Home Courts Bedford sued by fair housing groups alleging racial discrimination

Bedford sued by fair housing groups alleging racial discrimination

Two fair housing organizations have sued the town of Bedford for allegedly discriminating against African-Americans by creating barriers to housing.

The organizations claim that Bedford and its Blue Mountain Housing Development Corp. created a system of preferences that make it difficult for African-Americans to qualify for the town’s middle-income affordable housing. The lawsuit claims that the town and its housing agency are violating the federal Fair Housing Act.

The Fair Housing Justice Center, a Long Island City civil rights organization, and Westchester Residential Opportunities, a housing counseling agency that serves the lower Hudson Valley, filed the lawsuit in federal court in White Plains on July 26.

In 2005, the town created a preference system for allocating middle-income dwellings. Middle income is defined as $84,877 for one person, for example, and $144,291 for a family of six.

The first of eight preferences is for Bedford employees and active members of the fire departments and ambulance service. Next are school employees, then town residents, nonresidents employed in town and parents and children of residents. The last preferences go to other residents of Westchester County, other people employed in the county and then “all others.”

The preferences perpetuate demographic patterns, according to the lawsuit. The 2010 Census put the town’s population at 17,335. About 86 percent was white and 5 percent was African-American. That minority population is artificially inflated because nearly half of the inmates at Bedford Hills Correctional Facility are African-Americans, according to the lawsuit.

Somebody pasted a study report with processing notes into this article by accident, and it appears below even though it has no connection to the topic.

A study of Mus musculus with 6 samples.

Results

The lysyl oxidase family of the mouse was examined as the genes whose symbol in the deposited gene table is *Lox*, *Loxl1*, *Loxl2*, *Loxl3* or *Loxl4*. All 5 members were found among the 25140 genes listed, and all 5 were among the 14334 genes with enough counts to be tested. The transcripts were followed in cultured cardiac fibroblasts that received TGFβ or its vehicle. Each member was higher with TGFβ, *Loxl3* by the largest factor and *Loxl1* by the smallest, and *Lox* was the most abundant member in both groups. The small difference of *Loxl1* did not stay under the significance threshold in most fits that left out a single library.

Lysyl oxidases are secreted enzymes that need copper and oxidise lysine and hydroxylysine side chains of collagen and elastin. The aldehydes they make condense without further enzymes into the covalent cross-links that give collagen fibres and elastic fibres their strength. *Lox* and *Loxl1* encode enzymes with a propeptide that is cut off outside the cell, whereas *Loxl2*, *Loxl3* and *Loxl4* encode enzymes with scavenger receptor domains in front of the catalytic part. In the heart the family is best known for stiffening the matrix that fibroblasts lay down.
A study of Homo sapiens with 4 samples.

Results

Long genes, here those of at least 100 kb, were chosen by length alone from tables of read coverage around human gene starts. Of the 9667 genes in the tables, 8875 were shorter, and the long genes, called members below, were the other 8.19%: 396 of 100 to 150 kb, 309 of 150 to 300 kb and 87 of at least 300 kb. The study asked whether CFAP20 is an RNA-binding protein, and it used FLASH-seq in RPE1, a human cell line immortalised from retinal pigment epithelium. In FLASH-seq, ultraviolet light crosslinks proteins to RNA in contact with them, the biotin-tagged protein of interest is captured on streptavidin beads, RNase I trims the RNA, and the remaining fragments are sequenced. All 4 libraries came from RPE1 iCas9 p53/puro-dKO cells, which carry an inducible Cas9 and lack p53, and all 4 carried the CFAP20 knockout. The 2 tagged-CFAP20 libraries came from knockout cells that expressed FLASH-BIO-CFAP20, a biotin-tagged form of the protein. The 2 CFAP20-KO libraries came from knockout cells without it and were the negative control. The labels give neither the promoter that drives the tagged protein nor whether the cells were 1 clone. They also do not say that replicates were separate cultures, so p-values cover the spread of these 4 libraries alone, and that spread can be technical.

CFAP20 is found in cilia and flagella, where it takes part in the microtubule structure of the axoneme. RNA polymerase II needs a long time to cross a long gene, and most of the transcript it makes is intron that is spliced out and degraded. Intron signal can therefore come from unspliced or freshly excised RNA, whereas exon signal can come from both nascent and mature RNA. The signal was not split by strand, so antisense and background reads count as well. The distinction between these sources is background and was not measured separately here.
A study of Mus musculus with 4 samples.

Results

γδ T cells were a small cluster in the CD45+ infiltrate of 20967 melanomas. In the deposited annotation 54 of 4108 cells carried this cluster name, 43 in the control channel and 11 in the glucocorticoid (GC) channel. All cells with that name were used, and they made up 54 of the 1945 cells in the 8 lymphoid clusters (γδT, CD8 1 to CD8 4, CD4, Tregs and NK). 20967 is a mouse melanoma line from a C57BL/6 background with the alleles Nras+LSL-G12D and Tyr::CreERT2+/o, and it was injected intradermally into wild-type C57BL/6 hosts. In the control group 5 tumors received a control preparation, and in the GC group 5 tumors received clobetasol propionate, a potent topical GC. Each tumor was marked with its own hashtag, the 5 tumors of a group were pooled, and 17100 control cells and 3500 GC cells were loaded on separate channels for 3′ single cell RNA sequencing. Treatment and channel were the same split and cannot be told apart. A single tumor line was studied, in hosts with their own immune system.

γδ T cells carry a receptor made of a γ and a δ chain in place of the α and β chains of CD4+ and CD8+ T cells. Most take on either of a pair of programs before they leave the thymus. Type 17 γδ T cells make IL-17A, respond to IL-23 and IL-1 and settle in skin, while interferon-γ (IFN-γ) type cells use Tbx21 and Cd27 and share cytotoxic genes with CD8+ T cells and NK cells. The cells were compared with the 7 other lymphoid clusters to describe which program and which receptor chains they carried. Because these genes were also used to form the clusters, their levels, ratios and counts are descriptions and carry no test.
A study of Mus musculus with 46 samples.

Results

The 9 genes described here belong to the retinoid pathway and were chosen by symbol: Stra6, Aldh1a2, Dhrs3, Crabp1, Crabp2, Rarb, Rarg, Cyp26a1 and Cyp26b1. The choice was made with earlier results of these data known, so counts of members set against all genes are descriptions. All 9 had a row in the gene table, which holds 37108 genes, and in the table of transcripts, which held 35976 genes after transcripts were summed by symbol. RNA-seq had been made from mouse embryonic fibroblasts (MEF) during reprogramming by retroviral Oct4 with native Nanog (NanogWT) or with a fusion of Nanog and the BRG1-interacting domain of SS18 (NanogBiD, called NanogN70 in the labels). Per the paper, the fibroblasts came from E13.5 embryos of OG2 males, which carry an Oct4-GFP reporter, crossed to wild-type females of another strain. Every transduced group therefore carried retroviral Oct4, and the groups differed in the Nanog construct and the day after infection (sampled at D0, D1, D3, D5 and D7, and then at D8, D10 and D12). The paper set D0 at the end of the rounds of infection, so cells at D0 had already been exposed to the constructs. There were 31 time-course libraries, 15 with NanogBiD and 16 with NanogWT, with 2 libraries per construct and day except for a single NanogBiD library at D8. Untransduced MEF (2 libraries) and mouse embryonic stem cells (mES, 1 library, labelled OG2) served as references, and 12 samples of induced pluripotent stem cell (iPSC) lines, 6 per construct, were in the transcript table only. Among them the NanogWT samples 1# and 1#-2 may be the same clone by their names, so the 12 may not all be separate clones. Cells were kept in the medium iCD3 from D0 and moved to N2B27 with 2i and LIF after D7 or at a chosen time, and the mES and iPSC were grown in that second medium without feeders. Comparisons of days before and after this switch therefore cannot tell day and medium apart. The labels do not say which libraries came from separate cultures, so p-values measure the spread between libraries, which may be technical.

Employee preferences favor white applicants, the lawsuit says, because most of the municipal and school employees are white. Only 1.4 percent of the professional staff in the public schools, for instance, were African-American last year, and the wages of nonprofessional school employees were too low to enable them to afford middle-income dwellings.

Residential preferences also favor white people, the lawsuit says, because only 2 to 3 percent of the town’s eligible households are occupied by African Americans.

The housing groups sent undercover “testers” to inquire about housing opportunities. One was African-American and one was white. Both presented themselves as nonresidents.

The African-American tester was told that his wait could take several years, as an outsider, according to the lawsuit, and the white tester was told two to 10 years.

The housing groups are asking the court to require that middle-income housing be allocated by the application date and not by preferences.

Bedford Town Supervisor Chris Burdick said the town has not yet received the lawsuit but he defended its practices.

He said Bedford is a leader in affordable housing in the region. It has fully implemented federal Housing and Urban Development guidelines, including preferences. And it is “strongly committed to affirmatively furthering fair housing,” he said.